Author Wes Rapaport
This post originally appeared on KXAN Austin
AUSTIN (Nexstar) — The Texas House passed its budget Thursday night after a marathon debate to decide how to spent taxpayer money over the next two years.
The budget was framed in the lens of an economy recovering from the COVID-19 pandemic, with priorities focused on public education. There’s also uncertainty among budget writers in terms of how much federal money is expected to land in the state from coronavirus aid packages.
“The Committee Substitute to Senate Bill 1 illustrates our dedication to education and prioritizes ensuring quality education for all our children, while also addressing the ill effects of COVID-19 on both public and higher education,” State Rep. Terry Wilson, R-Marble Falls, said. “While overall you won’t see many additional funding items adopted at this time, the committee had some very robust discussions in our responsibility to support the state’s education system and how to address the uncertainty we’re facing this session given our current funding situation.”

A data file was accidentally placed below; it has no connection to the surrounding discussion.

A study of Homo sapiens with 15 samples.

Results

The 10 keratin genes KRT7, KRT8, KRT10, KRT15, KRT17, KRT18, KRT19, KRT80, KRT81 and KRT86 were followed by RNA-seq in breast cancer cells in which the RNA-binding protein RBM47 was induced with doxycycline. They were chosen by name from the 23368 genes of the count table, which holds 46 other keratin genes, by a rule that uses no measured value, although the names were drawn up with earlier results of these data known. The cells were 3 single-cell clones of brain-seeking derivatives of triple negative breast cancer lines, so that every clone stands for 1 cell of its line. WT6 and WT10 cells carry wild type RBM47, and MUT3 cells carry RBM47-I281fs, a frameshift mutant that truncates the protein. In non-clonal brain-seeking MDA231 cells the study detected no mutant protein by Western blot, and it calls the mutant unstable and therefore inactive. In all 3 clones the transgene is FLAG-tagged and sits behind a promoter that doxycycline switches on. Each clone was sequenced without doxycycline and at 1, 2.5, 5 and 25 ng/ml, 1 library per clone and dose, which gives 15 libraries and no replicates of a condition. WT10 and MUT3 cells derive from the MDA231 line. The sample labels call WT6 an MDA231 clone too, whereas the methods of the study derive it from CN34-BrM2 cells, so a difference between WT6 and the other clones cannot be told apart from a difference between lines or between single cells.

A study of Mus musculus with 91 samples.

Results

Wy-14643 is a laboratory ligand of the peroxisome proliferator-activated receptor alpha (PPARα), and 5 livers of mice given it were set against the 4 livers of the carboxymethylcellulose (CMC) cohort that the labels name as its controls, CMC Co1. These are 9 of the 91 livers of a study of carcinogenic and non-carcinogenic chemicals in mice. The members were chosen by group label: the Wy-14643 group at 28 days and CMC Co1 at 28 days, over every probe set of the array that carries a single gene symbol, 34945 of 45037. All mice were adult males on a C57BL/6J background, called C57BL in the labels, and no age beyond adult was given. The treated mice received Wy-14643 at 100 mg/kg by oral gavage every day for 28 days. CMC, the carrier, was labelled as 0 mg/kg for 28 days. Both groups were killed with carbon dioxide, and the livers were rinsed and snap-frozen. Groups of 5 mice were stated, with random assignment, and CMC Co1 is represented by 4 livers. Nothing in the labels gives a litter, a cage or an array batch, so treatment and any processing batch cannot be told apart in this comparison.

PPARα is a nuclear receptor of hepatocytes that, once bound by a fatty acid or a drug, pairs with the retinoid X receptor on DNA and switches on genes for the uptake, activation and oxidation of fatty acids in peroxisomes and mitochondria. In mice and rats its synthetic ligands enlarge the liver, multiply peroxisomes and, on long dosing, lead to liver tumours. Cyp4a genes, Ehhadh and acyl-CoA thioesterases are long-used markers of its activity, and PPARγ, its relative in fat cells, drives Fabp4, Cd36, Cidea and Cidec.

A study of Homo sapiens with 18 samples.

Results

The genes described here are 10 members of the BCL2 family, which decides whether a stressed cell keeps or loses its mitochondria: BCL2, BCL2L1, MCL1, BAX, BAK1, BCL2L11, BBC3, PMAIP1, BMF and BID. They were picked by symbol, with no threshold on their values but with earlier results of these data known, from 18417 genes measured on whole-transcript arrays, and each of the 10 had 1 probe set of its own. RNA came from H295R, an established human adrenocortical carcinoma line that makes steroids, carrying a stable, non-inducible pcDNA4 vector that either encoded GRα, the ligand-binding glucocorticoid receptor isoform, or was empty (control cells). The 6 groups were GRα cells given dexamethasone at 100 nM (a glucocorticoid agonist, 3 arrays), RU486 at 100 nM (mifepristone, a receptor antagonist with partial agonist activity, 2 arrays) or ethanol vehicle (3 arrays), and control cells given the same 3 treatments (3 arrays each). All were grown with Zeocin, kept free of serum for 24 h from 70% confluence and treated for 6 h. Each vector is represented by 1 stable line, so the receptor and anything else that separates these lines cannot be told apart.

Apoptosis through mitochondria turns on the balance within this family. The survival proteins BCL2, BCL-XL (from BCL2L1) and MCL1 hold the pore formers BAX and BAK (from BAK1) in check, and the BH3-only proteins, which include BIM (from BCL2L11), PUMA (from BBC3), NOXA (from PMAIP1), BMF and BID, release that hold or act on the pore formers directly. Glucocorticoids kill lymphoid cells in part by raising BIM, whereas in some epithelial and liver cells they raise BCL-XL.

To ready the state for when that money does arrive and which areas it may assist, the House approved an amendment to send nearly $ 18 billion in federal aid directly to education.
“The first round of federal dollars that we got, we actually supplanted state funds with that money. We want to make sure that doesn’t happen this time,” State Rep. Eddie Rodriguez, D-Austin, said.
“It goes through TEA (Texas Education Agency), but it’s gonna go to the schools, no ifs, ands or buts about it,” Rodriguez said.
The chamber also approved a proposal to prevent public dollars to pay for private schools.
Amendments to the House version of the budget also included allocations to the state’s “Alternatives to Abortions” program and bulletproof glass for state trooper vehicles. An amendment to expand Medicaid in Texas was voted down.
House members adopted an amendment to force a special legislative session should federal relief money arrive to the state after the conclusion of the regular session. Doing so means more lawmakers would have influence over where that money goes, rather than a small group of appropriators or the governor.
It’s unknown how many of the provisions the House put in on Thursday will remain in the final version of the budget. The Senate passed its version already. Key members from each chamber will meet to iron out the differences between the two versions of the budget in a conference committee ahead of the final day of the session on May 31.